Treatment of extensive white spots by resin infiltration
A clinical case by our Community member Dr. LÍgia Rocha
Nowadays, patients require minimally invasive aesthetic treatments, which should also be inexpensive, painless and drill-less. The microinfiltration technique represents an ultra-conservative approach with satisfactory results. This method consists of the use of a light-curing resin of low viscosity that acts by capillarity. However, micro- or macroabrasion may be necessary as a preliminary treatment, as well as adding some composite resin a posteriori, to obtain desirable aesthetic results.
Female patient, 26 years old, unhappy with the presence of unaesthetic spots on teeth of the anterior-superior sector (13-23). The physical and clinical history evaluation led to the diagnosis of fluorosis and demineralizations after removing the orthodontic appliances . Tooth 21 had suffered a mechanic iatrogenic aggression. Microabrasion enamel technique followed by resin infiltration technique and composite restoration were performed.
The most important factors contributing the success of enamel microinfiltration are the location and depth of the enamel stain or defect. The alteration must be restricted to enamel tissue, without involvement of the dentin. Cross-polarized photography makes it easy to eliminate unwanted reflections on the teeth that are caused by the flash. In this way, it simplifies the monitoring and evaluation of the extent of demineralization and decalcification of white spot lesions.
Rubber dam isolation is highly recommended. It was performed in order to have a dry and more comfortable working space, tissue protection, and acceptable retraction. After teeth isolation chemical and mechanical abrasion was performed (Opalustre® – Ultradent). Once these lesions affect the enamel’s sub-surface, cavitation may occur.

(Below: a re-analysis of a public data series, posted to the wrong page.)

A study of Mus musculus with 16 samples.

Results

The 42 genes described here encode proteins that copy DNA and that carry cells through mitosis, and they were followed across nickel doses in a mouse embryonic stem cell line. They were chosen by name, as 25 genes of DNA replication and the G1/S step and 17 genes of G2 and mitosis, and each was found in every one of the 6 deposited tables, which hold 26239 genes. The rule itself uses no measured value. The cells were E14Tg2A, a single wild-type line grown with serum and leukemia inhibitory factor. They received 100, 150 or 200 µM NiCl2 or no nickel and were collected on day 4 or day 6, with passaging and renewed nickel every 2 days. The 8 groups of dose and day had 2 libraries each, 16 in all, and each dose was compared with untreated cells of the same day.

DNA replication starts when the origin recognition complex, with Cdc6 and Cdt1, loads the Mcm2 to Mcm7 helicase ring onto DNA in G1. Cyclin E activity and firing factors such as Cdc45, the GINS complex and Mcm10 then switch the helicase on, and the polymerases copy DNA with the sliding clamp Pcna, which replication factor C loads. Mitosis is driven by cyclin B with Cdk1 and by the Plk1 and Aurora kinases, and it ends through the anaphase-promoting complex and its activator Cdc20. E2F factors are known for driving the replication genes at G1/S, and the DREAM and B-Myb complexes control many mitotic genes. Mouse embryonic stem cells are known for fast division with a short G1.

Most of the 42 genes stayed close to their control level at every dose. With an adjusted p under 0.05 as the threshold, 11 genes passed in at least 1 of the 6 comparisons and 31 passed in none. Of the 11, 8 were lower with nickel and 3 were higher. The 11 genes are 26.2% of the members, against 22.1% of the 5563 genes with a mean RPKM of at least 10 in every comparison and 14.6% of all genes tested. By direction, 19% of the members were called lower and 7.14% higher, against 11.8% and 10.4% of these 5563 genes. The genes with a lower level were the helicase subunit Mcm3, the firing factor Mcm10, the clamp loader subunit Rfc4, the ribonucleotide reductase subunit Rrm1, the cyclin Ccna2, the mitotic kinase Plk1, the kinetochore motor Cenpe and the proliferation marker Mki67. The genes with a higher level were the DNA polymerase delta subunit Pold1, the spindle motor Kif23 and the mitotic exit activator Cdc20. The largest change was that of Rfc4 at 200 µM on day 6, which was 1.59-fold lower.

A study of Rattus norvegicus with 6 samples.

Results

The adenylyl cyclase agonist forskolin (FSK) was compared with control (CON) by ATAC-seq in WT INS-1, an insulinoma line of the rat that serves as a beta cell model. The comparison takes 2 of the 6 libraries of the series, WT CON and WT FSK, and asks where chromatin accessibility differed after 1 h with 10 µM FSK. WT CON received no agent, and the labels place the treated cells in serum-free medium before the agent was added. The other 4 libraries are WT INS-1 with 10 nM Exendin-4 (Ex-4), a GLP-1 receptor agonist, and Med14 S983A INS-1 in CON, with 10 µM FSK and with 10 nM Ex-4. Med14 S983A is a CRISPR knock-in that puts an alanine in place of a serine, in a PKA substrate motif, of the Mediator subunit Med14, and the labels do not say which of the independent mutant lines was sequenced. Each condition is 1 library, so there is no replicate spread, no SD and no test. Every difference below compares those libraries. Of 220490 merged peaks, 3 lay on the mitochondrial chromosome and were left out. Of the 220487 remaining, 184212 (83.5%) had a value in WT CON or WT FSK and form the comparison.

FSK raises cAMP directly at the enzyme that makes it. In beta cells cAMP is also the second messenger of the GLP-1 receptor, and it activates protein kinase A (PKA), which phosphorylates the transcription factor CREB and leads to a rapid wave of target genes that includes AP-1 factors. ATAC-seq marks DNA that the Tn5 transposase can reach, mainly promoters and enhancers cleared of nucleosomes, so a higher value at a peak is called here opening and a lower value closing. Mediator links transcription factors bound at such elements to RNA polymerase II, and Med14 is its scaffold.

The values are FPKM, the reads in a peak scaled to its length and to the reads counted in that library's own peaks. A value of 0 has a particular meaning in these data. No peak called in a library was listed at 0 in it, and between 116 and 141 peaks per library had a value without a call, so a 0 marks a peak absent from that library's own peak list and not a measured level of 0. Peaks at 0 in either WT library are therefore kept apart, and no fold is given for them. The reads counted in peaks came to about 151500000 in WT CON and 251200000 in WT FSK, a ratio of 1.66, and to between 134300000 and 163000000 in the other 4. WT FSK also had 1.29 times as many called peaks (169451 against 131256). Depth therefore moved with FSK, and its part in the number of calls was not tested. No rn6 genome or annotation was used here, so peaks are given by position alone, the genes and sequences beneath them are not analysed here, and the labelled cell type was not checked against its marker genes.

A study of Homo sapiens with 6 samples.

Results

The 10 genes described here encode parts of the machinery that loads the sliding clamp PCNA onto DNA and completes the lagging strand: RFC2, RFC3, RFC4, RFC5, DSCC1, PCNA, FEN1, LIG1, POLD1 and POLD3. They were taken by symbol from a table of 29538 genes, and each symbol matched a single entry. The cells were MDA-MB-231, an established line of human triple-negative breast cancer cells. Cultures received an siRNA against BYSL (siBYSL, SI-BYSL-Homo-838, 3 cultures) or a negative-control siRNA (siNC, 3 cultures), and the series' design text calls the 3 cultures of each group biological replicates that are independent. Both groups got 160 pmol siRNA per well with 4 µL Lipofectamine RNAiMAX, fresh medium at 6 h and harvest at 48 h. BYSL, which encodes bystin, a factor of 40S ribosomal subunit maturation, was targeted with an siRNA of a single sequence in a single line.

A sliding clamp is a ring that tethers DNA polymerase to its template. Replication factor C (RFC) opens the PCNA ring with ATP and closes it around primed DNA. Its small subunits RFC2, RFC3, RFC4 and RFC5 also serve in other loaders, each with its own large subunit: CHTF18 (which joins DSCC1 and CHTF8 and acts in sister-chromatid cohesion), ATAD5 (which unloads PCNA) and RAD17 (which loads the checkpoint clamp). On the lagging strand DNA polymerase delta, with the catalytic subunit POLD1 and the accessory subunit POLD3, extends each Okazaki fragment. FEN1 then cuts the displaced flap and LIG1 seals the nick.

After enamel microabrasion.
After having properly cleaned tooth surfaces, enamel overlying the lesion was etched with with 15% hydrochloric acid etching solution (ICON etch®, DMG) and rubbed for 2 minutes. The acidic gel was then rinsed with air-water spray for 30 seconds and dried.
An ethanol solution (ICON dry®, DMG) is used to perfectly dry the surface. After drying, water was applied and the visual aspect of the lesion was checked: at this stage, the spot should have almost disappeared. If not and where the removal of the surface layer appeared insufficient, the etching step was repeated up to 3 times and the etching gel was applied with gentle pressure in a circular motion.
The transparent hydrophobic infiltration resin (ICON infiltrant®, DMG) was carefully applied and rubbed onto the etched area with the applicator for 3 min, slightly dried with compressed air for 10 s, light-cured for 40 seconds and reapplied a second time for an additional 1 minute to compensate for polymerization shrinkage.
Before removing rubber dam cervical and interproximal resin excess was removed using the Eccesso instrument (LM Arte powered by Style Italiano). The treated surfaces were then finished and polished under irrigation.
In a second office visit we restored with resin composite the area where there had been a loss of volume due to the microabrasion.
Direct enamel composite restoration (Enamel Plus HRi _UE2).
Application of glycerin. A thin (approximately 1–3μm) layer of non-polymerized resin on the surface of a composite material is produced as a result of the action of atmospheric oxygen. Viscous glycerin-based gels are designed to prevent the formation of an oxygen inhibited layer on the surface of resin materials when they are polymerized.
The final curing is completed through the glycerine, which is then rinsed off prior to finishing and polishing. The result is a harder composite surface that is easier to finish.
Final aspect before rubber dam removal.
Right after rubber dam removal.
Given the minimal loss of substance due to the microinvasive restorative procedure, the patient was extremely satisfied with the result.
Based on the satisfactory results obtained, we conclude that the resin infiltration technique is very promising, and could be considered as a minimal invasive procedure. However, long term follow-up evaluation must be carried out to affirm the efficacy and durability of this type of treatment.